Have purchased 2 metal factory crimp tools for the perfect rolled edge on my Mec Grabber so I can replace the plastic tool. And neither of the metal ones work.
Cannot figure this out

anyone have a metal factory crimp tool that is made like the plastic one????


If the plastic one does what you want, why change to the old style metal ones?
 

The plastic one doesn’t work as good as I want it. These metal roll crimps are supposed to help roll the edge on a star crimp I believe.
 


If you are looking for the FINAL crimp die (station 6) ebay is probably your only chance.

My guess is this part only ever existed on a REALLY old 650, I believe the grabber and 9000 came out after they went to plastic, i don't recall ever seeing either with steel dies.

That being said, I cannot envision a circumstance where having steel instead of plastic here would be an advantage. You will never get a taper on a 410 like you'll get on a 12ga, so you're probably looking for something unachievable. As long as the shells will feed properly in your pump or auto, they're just fine, and if you're shooting a break action you don't NEED taper anyways.

What you may be able to do is fabricobble a sleeve into one of the two left dies to take up the diameter difference.
 


The Winchester 42 was made for paper hulls, and tends to be finicky with plastics. It seems to prefer the 3" hull, but they are expensive to buy and difficult to load.

One can set the two final dies to get a fair amount of taper on a MEC progressive press. The crimp depth must be a little deeper than most factory ammo. The critical stack height must be correct in this most delightful shotshell.
 

When adjusting the crimp station, the CAM is the LAST thing you adjust. Adjust the crimp starter first, then adjust the seating stem to get the proper depth. When you are getting a correct fold of the crimp petals, and the correct depth set, THEN adjust the cam to eliminate the flare. NOTE The cam adjustment should be set at least 2/3 of the way up, while the other adjustments are being made. Then, and only then, lower the cam enough to eliminate the flare.


The roller will not touch the cam (or at least not have any force put on it by the cam) at the very bottom of the stroke. BUT, more cam means the cam will touch the roller and apply force to it longer (further down) in the stroke. The cam has a fairly sharp shoulder or lobe on it. When you start down with the press the roller rolls on the cam (because this part of the cam is circular) and the outer (plastic) part of the die is pushed down by the cam and roller. Until you get around 1/2-3/4 of the way down, everything I have said so far remains true regardless of where the cam is set. However, the cam is rotating as you come down. Eventually the cam rotates to the point when the roller goes past the shoulder on the cam. Past this point the cam is no longer circular. As you come on down the cam puts less and less pressure on the roller. But, the center punch will come on down because it is fastened solidly to the top of the press. If the roller gets past the shoulder of the cam too early in the stroke you will end up with the punch coming on down on the center of the crimp and this tending to squeeze the top of the shell outward. But the plastic part of the die is not coming on down, which means it cannot prevent the top of the shell from flaring outward. It takes a lot of fine tuning to get this just right. There is a reason why Mec adds the final taper die to the Grabber and 9000. Having a separate die that is used strictly to get some taper makes things a lot simpler.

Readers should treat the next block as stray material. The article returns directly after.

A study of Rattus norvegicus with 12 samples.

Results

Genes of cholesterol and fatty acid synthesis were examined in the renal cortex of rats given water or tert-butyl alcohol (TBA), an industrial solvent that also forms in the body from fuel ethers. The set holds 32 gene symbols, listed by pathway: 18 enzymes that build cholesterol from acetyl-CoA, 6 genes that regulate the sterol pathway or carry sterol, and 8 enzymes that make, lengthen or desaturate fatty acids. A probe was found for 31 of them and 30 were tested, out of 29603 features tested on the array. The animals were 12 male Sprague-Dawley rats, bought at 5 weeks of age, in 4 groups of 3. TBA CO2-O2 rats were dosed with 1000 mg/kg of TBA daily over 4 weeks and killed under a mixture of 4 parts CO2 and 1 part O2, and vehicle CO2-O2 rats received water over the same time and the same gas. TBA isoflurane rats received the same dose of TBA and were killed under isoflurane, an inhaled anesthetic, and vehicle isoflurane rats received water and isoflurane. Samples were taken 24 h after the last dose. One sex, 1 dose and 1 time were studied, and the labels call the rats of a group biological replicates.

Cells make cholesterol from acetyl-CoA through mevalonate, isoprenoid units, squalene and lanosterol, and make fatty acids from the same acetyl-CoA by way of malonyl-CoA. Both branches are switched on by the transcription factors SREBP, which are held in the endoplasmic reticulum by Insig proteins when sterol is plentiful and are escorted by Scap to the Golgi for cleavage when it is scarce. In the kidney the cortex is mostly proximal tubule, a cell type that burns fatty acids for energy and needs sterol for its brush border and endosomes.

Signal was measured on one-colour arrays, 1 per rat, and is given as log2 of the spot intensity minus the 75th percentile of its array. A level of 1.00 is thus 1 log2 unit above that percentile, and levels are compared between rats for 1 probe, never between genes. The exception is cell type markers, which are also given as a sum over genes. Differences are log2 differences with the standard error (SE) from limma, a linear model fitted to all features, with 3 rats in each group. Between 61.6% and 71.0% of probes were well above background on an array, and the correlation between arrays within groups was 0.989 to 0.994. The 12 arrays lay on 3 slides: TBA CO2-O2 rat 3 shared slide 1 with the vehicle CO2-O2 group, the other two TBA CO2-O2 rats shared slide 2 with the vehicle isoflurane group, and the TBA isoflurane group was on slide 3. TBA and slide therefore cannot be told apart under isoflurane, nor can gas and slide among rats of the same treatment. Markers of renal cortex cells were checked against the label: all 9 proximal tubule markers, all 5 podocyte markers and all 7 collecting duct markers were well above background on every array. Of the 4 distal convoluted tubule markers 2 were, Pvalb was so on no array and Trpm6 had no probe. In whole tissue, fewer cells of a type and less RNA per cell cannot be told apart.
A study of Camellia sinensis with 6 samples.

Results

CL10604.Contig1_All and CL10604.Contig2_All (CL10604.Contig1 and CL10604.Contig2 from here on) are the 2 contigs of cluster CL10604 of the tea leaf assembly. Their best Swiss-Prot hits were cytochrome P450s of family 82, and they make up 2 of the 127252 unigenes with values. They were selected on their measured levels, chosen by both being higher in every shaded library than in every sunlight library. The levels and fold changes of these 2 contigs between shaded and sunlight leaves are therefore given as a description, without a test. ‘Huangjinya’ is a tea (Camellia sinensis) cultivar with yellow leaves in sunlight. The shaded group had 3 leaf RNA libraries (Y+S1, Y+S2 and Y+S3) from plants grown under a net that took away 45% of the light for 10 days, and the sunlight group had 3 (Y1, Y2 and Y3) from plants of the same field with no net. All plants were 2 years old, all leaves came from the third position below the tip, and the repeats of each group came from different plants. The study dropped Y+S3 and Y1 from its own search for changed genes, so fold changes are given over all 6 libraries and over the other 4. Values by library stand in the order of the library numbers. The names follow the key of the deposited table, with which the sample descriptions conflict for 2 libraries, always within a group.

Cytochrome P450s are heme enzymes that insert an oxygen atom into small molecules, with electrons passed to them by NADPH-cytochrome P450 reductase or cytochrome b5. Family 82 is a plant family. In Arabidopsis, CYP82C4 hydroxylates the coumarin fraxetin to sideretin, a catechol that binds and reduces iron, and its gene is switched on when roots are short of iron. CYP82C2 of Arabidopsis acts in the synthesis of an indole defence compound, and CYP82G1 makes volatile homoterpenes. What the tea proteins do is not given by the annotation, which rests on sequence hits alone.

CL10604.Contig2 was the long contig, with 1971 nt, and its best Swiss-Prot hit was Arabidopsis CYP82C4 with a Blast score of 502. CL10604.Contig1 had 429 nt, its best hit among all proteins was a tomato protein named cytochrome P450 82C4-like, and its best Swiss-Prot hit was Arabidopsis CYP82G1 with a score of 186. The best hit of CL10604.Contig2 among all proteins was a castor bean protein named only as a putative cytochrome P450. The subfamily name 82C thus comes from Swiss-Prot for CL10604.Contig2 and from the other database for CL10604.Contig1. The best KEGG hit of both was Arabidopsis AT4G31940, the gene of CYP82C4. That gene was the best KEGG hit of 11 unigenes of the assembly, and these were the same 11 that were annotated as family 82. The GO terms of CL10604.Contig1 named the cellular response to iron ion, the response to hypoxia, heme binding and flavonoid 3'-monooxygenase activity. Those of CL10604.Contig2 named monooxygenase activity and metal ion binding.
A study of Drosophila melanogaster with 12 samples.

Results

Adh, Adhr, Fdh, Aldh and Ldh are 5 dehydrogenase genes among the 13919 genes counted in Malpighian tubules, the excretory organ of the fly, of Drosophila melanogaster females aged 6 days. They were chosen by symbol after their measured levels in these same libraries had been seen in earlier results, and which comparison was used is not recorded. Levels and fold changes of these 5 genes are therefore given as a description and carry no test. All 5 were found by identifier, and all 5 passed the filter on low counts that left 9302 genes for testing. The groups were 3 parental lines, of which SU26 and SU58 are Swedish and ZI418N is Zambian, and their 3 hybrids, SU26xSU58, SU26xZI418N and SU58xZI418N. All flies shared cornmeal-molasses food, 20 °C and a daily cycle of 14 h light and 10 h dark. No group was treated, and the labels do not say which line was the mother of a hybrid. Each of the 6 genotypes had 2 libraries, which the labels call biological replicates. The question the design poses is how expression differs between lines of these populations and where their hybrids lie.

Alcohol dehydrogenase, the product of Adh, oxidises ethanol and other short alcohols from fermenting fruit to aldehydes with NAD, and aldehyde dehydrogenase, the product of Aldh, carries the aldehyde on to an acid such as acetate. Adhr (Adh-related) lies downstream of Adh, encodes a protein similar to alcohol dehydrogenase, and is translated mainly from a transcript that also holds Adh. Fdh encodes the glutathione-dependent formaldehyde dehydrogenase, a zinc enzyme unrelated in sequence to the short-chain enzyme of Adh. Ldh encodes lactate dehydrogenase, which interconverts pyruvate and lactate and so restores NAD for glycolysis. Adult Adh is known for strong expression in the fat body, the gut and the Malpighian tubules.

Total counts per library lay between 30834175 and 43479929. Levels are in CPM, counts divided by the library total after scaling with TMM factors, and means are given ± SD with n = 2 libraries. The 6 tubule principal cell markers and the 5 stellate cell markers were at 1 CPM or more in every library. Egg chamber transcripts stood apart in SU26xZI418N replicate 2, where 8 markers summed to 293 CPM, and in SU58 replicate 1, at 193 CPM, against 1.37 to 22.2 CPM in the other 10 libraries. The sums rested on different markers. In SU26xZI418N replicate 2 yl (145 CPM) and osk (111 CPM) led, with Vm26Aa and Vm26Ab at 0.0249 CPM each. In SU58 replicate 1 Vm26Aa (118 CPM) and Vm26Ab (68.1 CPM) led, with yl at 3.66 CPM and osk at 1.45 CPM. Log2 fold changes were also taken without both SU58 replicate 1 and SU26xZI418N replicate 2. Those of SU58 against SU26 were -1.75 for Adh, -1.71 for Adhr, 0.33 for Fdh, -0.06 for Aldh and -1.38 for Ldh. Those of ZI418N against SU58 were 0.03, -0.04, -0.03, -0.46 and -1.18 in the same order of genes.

Most people do NOT have straight in their minds what the CAM actually does. There are all kinds of convoluted beliefs as to what it actually does.

Adding more cam, (Lowering it at the adjustment slot), causes the crimp die to lower slightly at the near bottom of the stroke. The die has a taper at the top of the die, that when pushed lower, will in fact push the flare at the end of the hull inward, closing the hole in the center tighter, and usually will eliminate the flare and in fact may leave the end of the hull slightly rounded.

SO, in most cases, a properly adjusted CAM will reduce or eliminate the flare on the end of the hull, and probably leave it slightly rounded.
 

F94F2A2E-DDC4-4646-BD56-C6C935202494.jpeg

I use the Gaep finisher on my 20gs turkey loads that I fold. I don’t know if it is available in 410 bore but if it is it will achieve what you are looking for
 


I was playing around the other day and changed the contour of the final crimp ram (again) you can geta gist of the shape, it turns out you can make a final crimp that is dish proof, allowing some variarion of the stack hight without any adjustments, within reason. Since I see you are more into this than I thought, I thought you might find this interesting.

IMG_1308.PNG
 

Thats a nice crimp, T.

I was playing around the other day and changed the contour of the final crimp ram (again) you can geta gist of the shape, it turns out you can make a final crimp that is dish proof, allowing some variarion of the stack hight without any adjustments, within reason. Since I see you are more into this than I thought, I thought you might find this interesting.

View attachment 1689283
 

 

 

With a single stage Mec, all you guys have to do is read my post to get a bevel with a Mec. A Gaep tool is unnecessary. The cam is adjusted after you get the ram putting the proper depth to the crimp. raising or lowering the ram will only put more or less depth to the crimp.